Stock Benefit Plans: A Perk not a Payment
Stock benefit plans were first popularized during the .com boom of the 1990s. Initially, they offered a way for start-ups to keep salaries low while still offering competitive compensation packages. While a lot has changed since the .com boom, stock benefit plans can be the right call for some organizations. Whether your is a small organization looking to inspire growth or a larger public corporation looking to provide incentive, offering a stock benefit plan may be a way to inspire productivity and help your employees feel more connected to organizational success.
A stock benefit plan can be offered in a few ways. Some organizations offer stock grants as a reward for years of service, or in place of a bonus, while others offer employees the ability to buy stock at a lower-than-market value. This can offer employees the opportunity to feel invested in the success of their organization and when they collectively do well, employees directly reap the benefits of increased stock prices. In addition, providing this benefit can inspire greater employee retention. Some organizations offering these benefits only allow stocks to be vested or sold after an employee has reached a certain number of years with the company.
While it can be a good option, we suggest weighing the pros and cons of stock benefit plans before offering them to your employees. Offering stock benefit plans can create a connection between your employees and the overall success of the organization. Employees may feel more connected to the success of the company and their co-workers. In addition, it can increase retention and help with recruitment. While this benefit is no substitute for a competitive salary, it can make an offer more attractive and give new employees a way to make a long term investment in their company, without going through a stockbroker.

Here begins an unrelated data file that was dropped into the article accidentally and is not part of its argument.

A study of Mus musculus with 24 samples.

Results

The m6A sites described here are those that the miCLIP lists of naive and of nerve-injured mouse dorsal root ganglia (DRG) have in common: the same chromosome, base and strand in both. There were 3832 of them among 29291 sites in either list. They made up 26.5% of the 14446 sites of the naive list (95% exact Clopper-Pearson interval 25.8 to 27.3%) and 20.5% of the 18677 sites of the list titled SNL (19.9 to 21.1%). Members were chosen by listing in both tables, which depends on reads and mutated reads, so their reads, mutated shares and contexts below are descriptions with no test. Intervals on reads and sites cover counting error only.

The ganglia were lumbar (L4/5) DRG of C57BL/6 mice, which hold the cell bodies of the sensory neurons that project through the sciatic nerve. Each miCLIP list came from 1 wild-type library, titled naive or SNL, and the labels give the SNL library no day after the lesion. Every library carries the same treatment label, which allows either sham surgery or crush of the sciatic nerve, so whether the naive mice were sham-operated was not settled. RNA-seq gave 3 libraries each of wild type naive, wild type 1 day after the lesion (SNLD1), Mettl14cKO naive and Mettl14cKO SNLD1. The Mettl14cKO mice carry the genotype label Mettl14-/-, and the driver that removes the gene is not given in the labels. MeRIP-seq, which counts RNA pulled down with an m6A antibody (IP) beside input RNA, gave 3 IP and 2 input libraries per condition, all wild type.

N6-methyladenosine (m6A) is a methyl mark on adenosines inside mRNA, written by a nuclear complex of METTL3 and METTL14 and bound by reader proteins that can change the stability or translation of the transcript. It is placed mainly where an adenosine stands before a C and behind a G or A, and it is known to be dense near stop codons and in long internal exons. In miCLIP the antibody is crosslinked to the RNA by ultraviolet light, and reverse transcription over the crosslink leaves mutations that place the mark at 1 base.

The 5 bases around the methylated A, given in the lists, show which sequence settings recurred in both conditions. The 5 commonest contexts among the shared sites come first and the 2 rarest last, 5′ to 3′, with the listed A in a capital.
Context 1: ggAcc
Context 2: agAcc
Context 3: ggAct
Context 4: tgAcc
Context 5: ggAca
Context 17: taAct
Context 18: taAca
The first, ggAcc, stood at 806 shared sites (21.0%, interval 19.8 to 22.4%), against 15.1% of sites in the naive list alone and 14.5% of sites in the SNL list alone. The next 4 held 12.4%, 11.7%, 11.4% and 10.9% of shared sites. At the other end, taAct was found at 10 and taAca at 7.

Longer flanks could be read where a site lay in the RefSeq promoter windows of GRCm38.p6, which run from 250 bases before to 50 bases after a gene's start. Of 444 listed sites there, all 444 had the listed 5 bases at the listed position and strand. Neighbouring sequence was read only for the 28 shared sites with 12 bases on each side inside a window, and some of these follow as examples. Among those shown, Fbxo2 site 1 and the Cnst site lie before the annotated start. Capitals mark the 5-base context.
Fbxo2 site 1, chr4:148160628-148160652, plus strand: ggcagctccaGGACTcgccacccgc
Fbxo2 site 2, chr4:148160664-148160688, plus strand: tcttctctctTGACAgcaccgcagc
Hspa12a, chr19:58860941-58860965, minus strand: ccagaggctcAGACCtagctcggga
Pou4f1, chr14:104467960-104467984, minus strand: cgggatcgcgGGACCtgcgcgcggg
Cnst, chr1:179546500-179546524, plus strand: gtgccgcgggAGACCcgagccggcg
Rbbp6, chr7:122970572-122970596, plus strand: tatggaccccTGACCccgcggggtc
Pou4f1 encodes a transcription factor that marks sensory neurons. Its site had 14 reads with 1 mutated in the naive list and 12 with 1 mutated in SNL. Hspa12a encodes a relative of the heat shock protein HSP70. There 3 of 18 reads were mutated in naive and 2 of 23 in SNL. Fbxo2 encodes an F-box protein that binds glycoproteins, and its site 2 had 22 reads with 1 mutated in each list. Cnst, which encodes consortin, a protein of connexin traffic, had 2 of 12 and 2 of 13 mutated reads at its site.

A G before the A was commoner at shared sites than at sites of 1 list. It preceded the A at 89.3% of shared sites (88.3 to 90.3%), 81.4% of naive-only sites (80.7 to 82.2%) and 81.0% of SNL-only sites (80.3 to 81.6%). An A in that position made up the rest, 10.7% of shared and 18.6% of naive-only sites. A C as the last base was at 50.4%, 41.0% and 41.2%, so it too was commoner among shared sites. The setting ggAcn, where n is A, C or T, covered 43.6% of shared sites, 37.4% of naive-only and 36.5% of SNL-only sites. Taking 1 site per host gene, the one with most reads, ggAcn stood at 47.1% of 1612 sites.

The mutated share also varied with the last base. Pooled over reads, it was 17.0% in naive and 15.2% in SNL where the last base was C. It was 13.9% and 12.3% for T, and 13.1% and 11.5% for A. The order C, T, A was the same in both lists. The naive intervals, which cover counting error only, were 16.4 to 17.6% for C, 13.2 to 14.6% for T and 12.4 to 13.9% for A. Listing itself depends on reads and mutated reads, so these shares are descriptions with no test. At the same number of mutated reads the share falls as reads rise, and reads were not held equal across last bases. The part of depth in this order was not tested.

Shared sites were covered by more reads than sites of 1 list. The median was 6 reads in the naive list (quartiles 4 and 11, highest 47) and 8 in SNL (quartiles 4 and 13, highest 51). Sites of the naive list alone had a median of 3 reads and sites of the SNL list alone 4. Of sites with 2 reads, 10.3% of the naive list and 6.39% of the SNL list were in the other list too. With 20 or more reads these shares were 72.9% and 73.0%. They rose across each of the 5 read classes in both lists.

The benefit of offering a stock benefit plan is that it can be great for small businesses that are anticipating growth or for larger corporations that want additional employee involvement. That said, they are not without cons. Stock benefit plans can have complicated tax implications for employees, and, as with any new plan, your organization will need to prepare to educate and guide your employees. In addition, stock can be difficult to put a monetary value on. While these plans may offer incentive, it is difficult to say how much and often they can be seen as having a high level of compensation for executives regardless of performance. Finally, while these plans can bring employees together, the collective nature of this “bonus” can put stress on a team. One individual is reliant on the output of their team, and entire organization, for a substantial bonus, which can lead to a lack of productivity.
When looking at stock benefit plans as an option for your organization, the key is doing your research. Know the local, state, and federal legislation that impacts providing stock to employees, and the potential implications the benefits may have for your employees. Be prepared with adequate education and information for employees surrounding stock ownership and taxation. Lastly, remember not to use stock benefit plans as an alternative to a competitive salary. While stock may make a compensation package more enticing, they do not take the place of a fair and competitive salary.